How to Measure Risk and Reward in the Market

penny stocks

It might be an obvious statement to say that the goal of investing is to generate profit, but that’s not to say that all profits are created equal. Basing a successful strategy off the basis of total returns alone isn’t a valid methodology. There needs to be an accountability of risks taken to achieve the results in order to determine if the strategy is good for long term success or simply a one-off fluke.

A portfolio invested solely in commodity futures could achieve staggering gains compared to a diverse stock portfolio, but it also takes on far more risk. The former commodity futures portfolio could just as easily experience extremely high losses, whereas a more diversified stock portfolio wouldn’t have those kinds of large swings. In the end, there needs to be a balance between the amount of risk taken on and the estimated returns your portfolio should achieve.

The balancing act

Let’s say we’re comparing two portfolios in order to see which one is better. Portfolio A posted a return of 20 percent, while portfolio B only posted a 10 percent gain. At first glance, it seems easy to say that portfolio A is the better choice, but there’s not enough information available to be certain just yet.

Going a little deeper, we see that portfolio A was invested in speculative small cap stocks, while portfolio B was invested in large cap value stocks. Furthermore, we discover that both portfolios could have lost just as much as they gained, meaning that portfolio A could have had a 20 percent loss instead of a 20 percent gain.

In order to truly measure a portfolio’s total performance, we need a way to include assumed risk. Ratio’s like the Sharpe ratio, M squared, and the Treynor ratio can help break down a portfolio to more easily judge which is a better fit.

The Sharpe Ratio, or reward-to-variability ratio

Sharpe ratio = (Rp-Rf)/Std

Rp = Mean return of portfolio being evaluated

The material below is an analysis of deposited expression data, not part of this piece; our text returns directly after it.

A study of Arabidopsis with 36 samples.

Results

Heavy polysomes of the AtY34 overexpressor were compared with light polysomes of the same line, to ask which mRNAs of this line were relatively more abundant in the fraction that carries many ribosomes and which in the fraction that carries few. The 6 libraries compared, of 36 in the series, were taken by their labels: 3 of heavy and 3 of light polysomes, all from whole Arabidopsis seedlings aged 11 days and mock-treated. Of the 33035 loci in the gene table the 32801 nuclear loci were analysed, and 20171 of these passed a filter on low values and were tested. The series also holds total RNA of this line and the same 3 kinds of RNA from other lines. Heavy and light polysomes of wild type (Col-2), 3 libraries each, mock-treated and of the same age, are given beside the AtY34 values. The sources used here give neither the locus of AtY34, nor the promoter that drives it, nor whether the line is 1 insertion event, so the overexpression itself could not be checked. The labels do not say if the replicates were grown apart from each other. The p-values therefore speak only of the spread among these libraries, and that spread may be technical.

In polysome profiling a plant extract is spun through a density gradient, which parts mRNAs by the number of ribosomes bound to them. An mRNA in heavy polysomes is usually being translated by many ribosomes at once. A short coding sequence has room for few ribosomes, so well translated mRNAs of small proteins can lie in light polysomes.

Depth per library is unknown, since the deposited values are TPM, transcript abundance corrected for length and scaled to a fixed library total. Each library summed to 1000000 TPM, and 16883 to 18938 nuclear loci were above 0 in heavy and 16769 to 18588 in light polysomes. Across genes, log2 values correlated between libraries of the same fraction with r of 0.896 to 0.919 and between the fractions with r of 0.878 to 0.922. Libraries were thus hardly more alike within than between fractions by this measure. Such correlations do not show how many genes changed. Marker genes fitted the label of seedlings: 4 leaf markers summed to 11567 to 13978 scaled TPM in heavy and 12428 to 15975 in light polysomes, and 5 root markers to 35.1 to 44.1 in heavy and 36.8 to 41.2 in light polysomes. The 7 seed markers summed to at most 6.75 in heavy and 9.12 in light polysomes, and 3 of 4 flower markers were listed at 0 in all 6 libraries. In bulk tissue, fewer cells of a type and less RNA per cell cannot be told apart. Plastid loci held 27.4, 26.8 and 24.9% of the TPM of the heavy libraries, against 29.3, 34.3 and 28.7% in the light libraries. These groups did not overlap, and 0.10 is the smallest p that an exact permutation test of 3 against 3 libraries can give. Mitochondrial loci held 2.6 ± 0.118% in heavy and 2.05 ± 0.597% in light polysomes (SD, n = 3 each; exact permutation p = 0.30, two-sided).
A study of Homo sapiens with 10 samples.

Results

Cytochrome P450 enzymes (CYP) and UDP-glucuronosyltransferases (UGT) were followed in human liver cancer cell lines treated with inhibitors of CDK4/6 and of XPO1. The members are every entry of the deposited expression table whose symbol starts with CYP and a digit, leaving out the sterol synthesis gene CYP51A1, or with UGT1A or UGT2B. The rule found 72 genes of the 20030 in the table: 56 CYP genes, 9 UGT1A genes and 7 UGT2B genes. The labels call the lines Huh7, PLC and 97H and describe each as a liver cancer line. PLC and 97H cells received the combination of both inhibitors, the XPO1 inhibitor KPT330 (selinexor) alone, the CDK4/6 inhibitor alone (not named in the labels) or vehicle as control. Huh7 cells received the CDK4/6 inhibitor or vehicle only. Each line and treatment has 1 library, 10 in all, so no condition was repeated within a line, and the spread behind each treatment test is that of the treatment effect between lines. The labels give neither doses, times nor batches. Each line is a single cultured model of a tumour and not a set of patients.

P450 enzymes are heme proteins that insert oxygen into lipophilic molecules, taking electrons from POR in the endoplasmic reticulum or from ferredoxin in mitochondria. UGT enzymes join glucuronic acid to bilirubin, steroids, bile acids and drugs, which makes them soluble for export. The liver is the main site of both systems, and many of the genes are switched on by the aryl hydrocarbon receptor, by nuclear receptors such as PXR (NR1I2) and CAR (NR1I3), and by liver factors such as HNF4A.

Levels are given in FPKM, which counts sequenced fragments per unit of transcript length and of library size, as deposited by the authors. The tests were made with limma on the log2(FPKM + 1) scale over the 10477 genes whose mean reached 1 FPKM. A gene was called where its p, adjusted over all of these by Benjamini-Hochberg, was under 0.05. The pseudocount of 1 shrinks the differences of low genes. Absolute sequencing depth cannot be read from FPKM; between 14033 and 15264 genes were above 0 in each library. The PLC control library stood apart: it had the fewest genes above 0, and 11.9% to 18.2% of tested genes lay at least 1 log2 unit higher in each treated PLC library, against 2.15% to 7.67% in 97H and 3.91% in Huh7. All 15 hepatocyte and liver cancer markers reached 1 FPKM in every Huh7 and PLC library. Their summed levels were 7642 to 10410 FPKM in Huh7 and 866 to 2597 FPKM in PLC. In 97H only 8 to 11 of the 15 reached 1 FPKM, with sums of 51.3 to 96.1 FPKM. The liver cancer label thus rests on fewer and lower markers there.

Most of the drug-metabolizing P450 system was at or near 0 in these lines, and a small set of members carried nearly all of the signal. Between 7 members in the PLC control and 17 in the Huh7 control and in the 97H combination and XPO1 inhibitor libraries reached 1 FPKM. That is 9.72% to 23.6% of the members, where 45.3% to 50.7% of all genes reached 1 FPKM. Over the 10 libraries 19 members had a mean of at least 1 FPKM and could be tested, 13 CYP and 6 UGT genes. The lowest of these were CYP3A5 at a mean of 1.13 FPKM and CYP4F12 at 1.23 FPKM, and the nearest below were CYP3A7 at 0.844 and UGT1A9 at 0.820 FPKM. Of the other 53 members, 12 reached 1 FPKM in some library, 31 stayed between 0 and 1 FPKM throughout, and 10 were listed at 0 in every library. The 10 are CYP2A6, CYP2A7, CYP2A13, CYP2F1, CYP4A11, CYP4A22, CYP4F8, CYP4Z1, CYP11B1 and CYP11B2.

Rf = Risk-free rate

Std = Standard deviation of portfolio being evaluated.

This ratio can be used to determine if a selected portfolio has beaten the market or underperformed relative to risk. Assuming risks are equal, the higher ratio indicated the better portfolio.

M Squared Ratio

M squared = Rp – Rm

Rp = Risk-adjusted rate of return created through a combination of a portfolio and a risk free asset

Rm = Return of the market portfolio

M squared is used similarly to the Sharpe ratio to compare risk-adjusted returns between two portfolios. A positive M squared means the portfolio outperformed the market, while a negative one means the market was the better portfolio.

Treynor Ratio, or reward-to-volatility ratio

Treynor ratio = (Rp – Rf)/B

Rp = Mean return of portfolio being evaluated

Rf = Risk-free rate

B = Beta of portfolio being evaluated

The Treynor ratio helps investors determine which portfolio is taking on more risk. Figures greater than one mean more risk in being taken than the market portfolio. While that might seem like a bad thing, if expected returns are equally higher, it would be equal to the market.

Investors should take into account the type of assets involved and risk being taken before committing to a portfolio. High risk generally means higher reward, but it might not be equal. Ten percent more risk might only translate to a 1 percent higher gain, making it less desirable than the market average. Using risk ratios, investors can analyze different possibilities effectively before investing.